Operation Hammersley - Vietnam: History in Focus
On 10 February 1970 a combined force of Australian infantry, tanks, armoured personnel carriers (APCs), mortars and combat engineers entered the foothills and clashed with the Viet Cong. RAAF helicopters flew in support of the ground forces while offshore a Royal Australian Navy destroyer was positioned to provide gunfire support.
Five days later, on 15 February, an Australian platoon ambushed a company sized group of Viet Cong and a pitched battle quickly developed as artillery and mortar fire was called upon.
On 16 February Australian infantry, supported by tanks and APCs, began combing the hills seeking survivors from the previous day's fighting. Two days later Australian troops advanced against well-concealed, heavily-fortified Viet Cong bunkers.
Artillery and helicopters added to the weight of firepower arrayed against the enemy. The tanks came under heavy fire and a ferocious fight ensued as the Australians tried to extricate themselves.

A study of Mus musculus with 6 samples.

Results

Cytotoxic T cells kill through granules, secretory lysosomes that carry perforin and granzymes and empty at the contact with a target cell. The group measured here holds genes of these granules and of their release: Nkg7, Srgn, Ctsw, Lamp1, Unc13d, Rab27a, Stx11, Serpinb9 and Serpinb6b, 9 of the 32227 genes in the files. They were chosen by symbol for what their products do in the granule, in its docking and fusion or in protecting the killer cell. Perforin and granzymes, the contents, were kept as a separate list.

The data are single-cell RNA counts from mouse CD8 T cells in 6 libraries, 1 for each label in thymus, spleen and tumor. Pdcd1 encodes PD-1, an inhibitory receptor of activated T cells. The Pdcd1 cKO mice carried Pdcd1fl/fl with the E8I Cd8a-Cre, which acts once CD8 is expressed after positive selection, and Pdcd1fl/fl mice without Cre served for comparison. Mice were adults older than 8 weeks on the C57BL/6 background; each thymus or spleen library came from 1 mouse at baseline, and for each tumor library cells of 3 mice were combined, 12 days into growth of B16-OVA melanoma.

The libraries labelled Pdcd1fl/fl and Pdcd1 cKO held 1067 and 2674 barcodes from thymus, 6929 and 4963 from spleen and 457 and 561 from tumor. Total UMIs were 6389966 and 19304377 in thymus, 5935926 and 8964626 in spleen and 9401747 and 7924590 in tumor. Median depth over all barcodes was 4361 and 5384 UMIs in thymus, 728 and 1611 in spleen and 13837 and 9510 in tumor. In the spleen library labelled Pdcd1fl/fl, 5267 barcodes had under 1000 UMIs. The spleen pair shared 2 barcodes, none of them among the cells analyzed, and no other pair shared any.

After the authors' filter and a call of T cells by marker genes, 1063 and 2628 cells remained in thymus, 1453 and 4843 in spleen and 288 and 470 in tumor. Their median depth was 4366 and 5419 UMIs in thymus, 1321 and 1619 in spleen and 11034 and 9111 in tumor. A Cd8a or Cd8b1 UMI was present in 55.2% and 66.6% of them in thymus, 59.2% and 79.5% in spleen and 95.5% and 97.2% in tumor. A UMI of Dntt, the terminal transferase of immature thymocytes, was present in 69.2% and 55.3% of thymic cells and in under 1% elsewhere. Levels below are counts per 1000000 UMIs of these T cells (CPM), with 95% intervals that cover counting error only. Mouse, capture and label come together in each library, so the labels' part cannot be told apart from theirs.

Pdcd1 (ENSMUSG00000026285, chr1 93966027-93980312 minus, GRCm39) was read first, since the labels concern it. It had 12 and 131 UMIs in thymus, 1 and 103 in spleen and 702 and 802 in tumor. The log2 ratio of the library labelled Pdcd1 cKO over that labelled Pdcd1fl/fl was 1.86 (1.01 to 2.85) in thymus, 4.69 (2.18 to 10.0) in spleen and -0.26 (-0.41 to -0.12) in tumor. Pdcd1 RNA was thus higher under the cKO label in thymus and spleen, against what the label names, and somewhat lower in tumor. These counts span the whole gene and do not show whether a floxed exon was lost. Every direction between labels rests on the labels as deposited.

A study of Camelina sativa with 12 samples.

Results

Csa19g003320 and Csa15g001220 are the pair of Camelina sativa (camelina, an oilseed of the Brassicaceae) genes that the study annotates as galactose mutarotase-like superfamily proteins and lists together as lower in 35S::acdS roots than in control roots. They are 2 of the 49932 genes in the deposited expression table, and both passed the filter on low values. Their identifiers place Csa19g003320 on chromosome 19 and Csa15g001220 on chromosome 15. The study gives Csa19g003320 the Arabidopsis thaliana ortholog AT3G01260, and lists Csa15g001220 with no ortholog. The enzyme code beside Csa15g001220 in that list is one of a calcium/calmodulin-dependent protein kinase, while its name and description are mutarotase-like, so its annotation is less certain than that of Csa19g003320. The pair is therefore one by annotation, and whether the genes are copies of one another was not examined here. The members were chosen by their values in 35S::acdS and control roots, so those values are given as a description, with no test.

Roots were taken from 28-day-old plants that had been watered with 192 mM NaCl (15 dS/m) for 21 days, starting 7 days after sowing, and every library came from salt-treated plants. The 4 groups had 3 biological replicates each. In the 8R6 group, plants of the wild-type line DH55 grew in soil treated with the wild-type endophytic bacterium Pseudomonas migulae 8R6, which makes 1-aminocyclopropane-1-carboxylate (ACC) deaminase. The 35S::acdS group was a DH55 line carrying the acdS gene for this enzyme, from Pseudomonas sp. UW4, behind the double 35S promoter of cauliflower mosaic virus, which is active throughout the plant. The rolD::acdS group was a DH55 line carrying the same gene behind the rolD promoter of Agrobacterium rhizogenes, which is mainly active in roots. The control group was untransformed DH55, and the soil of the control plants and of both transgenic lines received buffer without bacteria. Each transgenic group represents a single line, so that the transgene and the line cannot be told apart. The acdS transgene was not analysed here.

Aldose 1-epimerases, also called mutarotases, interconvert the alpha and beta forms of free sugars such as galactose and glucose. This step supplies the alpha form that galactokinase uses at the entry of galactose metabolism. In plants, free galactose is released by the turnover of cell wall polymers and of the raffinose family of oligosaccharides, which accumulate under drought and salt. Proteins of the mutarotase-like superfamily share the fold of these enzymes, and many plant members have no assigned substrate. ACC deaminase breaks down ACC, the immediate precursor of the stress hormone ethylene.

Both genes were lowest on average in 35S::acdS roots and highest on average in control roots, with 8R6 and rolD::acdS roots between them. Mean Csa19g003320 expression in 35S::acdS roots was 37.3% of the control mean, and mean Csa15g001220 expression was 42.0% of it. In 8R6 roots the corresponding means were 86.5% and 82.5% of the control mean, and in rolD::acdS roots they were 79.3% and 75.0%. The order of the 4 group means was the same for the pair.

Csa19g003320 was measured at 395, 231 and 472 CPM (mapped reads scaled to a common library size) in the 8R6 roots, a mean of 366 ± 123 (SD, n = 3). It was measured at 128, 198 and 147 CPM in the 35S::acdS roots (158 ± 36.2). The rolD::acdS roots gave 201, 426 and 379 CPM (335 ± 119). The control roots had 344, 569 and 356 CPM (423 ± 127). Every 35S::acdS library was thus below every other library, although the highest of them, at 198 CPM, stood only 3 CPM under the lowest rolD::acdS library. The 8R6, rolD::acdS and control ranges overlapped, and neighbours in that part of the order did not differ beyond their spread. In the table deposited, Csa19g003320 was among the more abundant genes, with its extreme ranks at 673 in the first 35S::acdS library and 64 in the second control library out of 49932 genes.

The Australians maintained a tight cordon to prevent the enemy slipping away and waited to resume the attack in the morning. Wary of incurring heavy casualties, senior commanders decided a B-52 strike was needed to clear the area. However, this did not destroy the Viet Cong, who had retreated when the Australians pulled back in preparation for the air strike, which was not launched until several days later. Mines were a particular danger in the area and caused many Australian casualties. 28 February was the worst day for mine casualties in Australia's war in Vietnam, with eight men killed and 15 wounded (one fatally) on that day.
In total, over 70 Australians were killed or wounded during the operation.